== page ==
The spirit of student volunteerism
rides a 30-year cycle of intensity so suggests research by some
of the nations leading scholars of higher education. All indications
are that were upon the crest of that particular wave right now,
but with a critical difference this time around faculty are a
key part of the experience, facilitating service to the community, and
integrating it with classroom work to an unprecedented degree.
Its called Service-Learning in academic circles, and
while the University of Vermont has long been blessed bymany committed,
creative, and effective faculty practitioners of this art, it promises
to grow as a hallmark of our undergraduate experience with the recent
establishment of our Office of Community-University Partnerships and
Service-Learning. Were fortunate to have a pair of highly experiencedservice-learning
veterans in Professor Lynne Bond and Courtney Lamontagne leading the
office in the director and associate director roles.
Theres no question that the opportunity to work for the benefit
of an immediate community appeals very strongly to the generation that
makes up our current undergraduates and prospective students. Its
equally true that the needs in our community are many, and the work
of our students and faculty can be a force for positive change. For
a public university, especially a land-grant university, such direct
action in the community that supports us is a perfect fit with our mission.
At the University of Vermont, in particular, the methods and goals of
service-learning have a special resonance given that experiential educations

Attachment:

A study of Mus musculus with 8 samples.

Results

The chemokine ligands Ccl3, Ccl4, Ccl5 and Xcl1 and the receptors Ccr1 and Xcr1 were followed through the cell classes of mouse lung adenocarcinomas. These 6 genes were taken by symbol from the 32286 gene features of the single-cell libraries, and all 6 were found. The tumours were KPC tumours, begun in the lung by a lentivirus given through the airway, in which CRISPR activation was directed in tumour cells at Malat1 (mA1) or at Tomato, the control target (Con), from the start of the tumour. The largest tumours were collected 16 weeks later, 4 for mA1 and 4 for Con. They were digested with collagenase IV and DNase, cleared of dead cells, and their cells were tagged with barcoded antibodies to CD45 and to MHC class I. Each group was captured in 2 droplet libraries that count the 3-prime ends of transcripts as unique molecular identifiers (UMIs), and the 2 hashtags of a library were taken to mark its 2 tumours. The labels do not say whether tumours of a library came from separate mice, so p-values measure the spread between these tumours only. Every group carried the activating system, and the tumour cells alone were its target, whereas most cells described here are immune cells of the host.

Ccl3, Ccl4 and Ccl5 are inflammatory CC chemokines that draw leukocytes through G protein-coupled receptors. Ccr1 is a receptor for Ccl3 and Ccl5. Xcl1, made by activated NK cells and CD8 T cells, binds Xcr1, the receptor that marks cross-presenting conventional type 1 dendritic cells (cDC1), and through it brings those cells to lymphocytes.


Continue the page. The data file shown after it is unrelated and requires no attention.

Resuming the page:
chief apostle is one of Vermonts proudest products, John Dewey.
It is very much in the grain of the University of Vermont to promote
this kind of activity.
As Professor Dewey would attest, the benefits of service-learning flow
both ways. Our primary mission is education of our students, and service-learning
is a powerful tool toward this end. National data show that students
acquire more knowledge and skills and retain them more effectively in
courses that combine service-learning activities with rigorous syllabi.
True integration is the key to effective service-learning as faculty
create courses in which there is an almost rhythmic alternation of classroom
learning oriented around methodology, theory, ideas, and abstraction
with hands-on experience through service engagement, which is then brought
back to the classroom, providing opportunities for reflection and deepening
of the theoretical understanding. There is no discipline in which service-learning
cannot be a very significant way of enhancing student experience in
Its been a bit more than 30 years since I was an undergraduate
in a university classroom. Though we were near the top of the cycle
of student community involvement then, Im afraid my undergrad
years pre-dated the emergence of service-learning as we know it today.
But Rachel and I both participated in a social psychology research project
that placed us in the middle of deeply impoverished communities in Nova
Scotia. The personal growth of that experience remains a vivid part
of both of our educations, something that Im sure many alumni
can relate to in their own individual ways. Such memories are testimony
to the powerful chemistry that happens when classroom meets community.